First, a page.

Ancient Lixus: Oldest Roman Ruins in Morocco
Set on a hillside facing Larache across the Loukkos Estuary is Lixus, one of the oldest and most continuously inhabited sites in Morocco. Only a quarter or so of the site has ever been excavated but the visible ruins themselves are partly impressive and good for an hour or two exploration. Besides its archaeological worth, Lixus drives its mystique from its legendary association with Hercules, a fertile ground for imagination.
The site is not enclosed, so you’re at liberty to wander and explore. You do not need to hire a guide either, as the site is rather small and a notice at the entrance explains the site with a useful map.
The History of Lixus
Lixus is one of the oldest inhabited sites in Morocco: megalithic stones in the vicinity confirm prehistoric settlements before the Phoenicians and Carthaginians settled in. The Phoenicians were the first to establish Lixus as a trading post around 100 BC. According to Pliny and Tabo, it is here that Hercules was dispatched to accomplish his penultimate Labour: picking the Golden Apples from the Gardens of Hesperides.
In 600 BC, Lixus fell to the Carthaginians who kept it as a post trading in gold, ivory and slaves. By 45 AD, it fell under Roman patronage and became an important city exporting salt, olives, wine, garum (a fish paste) and wild animals for use in amphitheatres.
After Roman Emperor Diocletian withdrew his patronage from North Africa, Lixus rapidly declined and completely abandoned after the collapse of the Empire.
Sights in Lixus
The main gate to the Lower Town spreads across from the railings on the main Larache-Tangier road. Insides the railings are the remains of the garum factories, where fish was salted and Cotta, a prized fish paste was produced. The factories were developed in the first century AD and continued to operate until the Roman withdrawal in the fifth century.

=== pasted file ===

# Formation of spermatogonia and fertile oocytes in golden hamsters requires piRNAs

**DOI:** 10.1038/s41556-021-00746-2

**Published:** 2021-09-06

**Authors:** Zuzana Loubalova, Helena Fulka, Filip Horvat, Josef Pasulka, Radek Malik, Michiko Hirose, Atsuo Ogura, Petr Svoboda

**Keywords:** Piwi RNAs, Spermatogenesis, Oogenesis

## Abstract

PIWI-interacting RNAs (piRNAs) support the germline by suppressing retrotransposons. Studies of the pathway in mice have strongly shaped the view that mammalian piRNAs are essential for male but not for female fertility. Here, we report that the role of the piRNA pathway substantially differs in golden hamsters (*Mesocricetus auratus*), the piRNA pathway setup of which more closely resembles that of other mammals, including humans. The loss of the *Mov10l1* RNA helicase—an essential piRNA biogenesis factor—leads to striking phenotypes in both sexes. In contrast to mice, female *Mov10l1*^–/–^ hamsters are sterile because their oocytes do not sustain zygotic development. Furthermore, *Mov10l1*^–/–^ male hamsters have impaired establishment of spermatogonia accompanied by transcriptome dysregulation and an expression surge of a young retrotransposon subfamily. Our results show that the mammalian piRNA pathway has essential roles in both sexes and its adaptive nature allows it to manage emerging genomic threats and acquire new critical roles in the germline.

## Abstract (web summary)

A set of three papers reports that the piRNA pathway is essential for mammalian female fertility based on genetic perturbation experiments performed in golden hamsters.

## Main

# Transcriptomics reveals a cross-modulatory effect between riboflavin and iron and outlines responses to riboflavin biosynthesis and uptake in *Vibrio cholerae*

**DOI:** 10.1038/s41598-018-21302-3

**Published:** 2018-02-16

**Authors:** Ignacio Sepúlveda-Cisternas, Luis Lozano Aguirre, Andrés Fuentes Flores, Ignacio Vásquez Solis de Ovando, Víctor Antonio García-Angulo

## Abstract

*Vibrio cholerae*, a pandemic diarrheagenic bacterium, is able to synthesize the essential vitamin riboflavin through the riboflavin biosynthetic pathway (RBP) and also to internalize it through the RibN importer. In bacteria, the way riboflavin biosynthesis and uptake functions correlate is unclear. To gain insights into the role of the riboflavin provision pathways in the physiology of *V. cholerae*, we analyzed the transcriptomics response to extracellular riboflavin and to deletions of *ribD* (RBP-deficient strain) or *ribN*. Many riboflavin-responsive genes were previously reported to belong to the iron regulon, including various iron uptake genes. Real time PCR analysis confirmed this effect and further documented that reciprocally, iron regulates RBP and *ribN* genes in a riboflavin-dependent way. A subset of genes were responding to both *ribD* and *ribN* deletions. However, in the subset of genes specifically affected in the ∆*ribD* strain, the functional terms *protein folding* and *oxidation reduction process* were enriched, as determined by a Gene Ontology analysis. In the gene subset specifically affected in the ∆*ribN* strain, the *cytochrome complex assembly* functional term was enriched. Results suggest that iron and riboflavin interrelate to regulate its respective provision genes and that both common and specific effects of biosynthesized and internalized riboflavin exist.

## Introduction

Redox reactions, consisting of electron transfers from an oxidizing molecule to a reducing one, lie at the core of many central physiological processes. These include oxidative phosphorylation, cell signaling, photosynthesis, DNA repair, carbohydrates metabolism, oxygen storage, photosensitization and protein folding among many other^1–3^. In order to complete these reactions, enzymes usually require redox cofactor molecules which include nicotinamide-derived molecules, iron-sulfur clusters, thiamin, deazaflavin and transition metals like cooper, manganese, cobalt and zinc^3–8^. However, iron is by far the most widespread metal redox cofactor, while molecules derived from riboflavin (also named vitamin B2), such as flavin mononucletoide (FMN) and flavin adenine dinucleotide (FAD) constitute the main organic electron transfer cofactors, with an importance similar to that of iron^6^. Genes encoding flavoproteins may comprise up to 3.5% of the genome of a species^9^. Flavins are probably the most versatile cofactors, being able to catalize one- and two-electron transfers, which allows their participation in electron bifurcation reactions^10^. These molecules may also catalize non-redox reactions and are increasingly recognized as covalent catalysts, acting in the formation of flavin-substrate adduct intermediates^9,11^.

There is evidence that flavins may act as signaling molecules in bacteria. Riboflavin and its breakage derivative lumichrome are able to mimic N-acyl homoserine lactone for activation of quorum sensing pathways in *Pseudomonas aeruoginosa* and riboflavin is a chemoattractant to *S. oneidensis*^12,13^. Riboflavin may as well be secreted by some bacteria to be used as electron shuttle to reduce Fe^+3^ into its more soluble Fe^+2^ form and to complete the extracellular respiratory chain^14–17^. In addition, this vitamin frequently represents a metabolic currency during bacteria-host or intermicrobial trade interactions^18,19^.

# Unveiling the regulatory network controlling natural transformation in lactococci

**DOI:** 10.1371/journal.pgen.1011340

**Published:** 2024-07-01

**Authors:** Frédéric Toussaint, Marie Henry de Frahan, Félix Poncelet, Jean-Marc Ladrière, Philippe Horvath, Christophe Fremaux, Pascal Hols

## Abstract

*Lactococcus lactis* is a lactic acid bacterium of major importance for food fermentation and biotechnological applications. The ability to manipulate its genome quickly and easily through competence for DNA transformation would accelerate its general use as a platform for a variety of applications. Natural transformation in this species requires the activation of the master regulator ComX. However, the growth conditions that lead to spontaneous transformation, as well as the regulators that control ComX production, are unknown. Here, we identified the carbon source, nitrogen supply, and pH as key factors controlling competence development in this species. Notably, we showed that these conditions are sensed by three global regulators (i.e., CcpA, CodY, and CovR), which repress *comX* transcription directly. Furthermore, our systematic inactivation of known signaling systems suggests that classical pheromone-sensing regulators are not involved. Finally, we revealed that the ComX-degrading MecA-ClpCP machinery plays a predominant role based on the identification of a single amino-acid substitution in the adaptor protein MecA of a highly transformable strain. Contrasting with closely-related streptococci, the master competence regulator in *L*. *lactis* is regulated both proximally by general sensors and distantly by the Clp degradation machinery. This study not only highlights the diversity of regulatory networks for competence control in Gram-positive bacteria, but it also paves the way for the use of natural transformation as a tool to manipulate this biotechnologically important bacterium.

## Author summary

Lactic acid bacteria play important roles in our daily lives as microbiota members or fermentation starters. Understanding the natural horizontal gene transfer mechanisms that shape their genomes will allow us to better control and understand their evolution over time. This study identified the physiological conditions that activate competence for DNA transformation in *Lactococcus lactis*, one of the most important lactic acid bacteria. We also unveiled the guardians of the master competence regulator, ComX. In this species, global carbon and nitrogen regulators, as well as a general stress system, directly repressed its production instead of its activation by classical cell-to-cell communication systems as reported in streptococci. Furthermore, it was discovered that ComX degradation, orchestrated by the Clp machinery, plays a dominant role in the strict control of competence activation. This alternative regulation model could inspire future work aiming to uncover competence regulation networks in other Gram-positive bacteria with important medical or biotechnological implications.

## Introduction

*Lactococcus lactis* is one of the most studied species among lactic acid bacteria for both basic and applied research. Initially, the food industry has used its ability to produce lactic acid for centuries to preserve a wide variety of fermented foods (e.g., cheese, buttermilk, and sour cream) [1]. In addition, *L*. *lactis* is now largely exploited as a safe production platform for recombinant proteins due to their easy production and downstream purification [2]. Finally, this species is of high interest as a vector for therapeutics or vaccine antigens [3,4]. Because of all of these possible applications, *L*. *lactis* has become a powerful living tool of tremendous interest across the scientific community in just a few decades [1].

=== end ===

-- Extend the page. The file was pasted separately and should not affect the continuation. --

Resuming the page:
A gravel path, some 100 m down the road to Tangier and towards the hills, leads up to the Upper Town (or Acropolis), where you can see minor ruins of the amphitheatre and public baths. The amphitheatre’s deep arena provides some wonderful views over the surrounding countryside. The public baths featured some remarkable mosaics depicting Helios, Mars, Rhea, Venus and Adonis. Most of these are now on display at Tetouan’s archaeology museum. The only remaining mosaic, depicting Oceanus, has unfortunately been irreparably damaged.
Continue your path past the amphitheatre and public baths to the main ramparts of the Acropolis and the main assembly of buildings. There are a network of walls and foundations, the city’s original ramparts, civic buildings and additional public baths. To the south is the impressive citadel, a collection of closely-packed ruins standing next to each other. There are temple sanctuaries, including an early Christian basilica and a number of pre-Roman buildings that feature Phoenician influence in their design.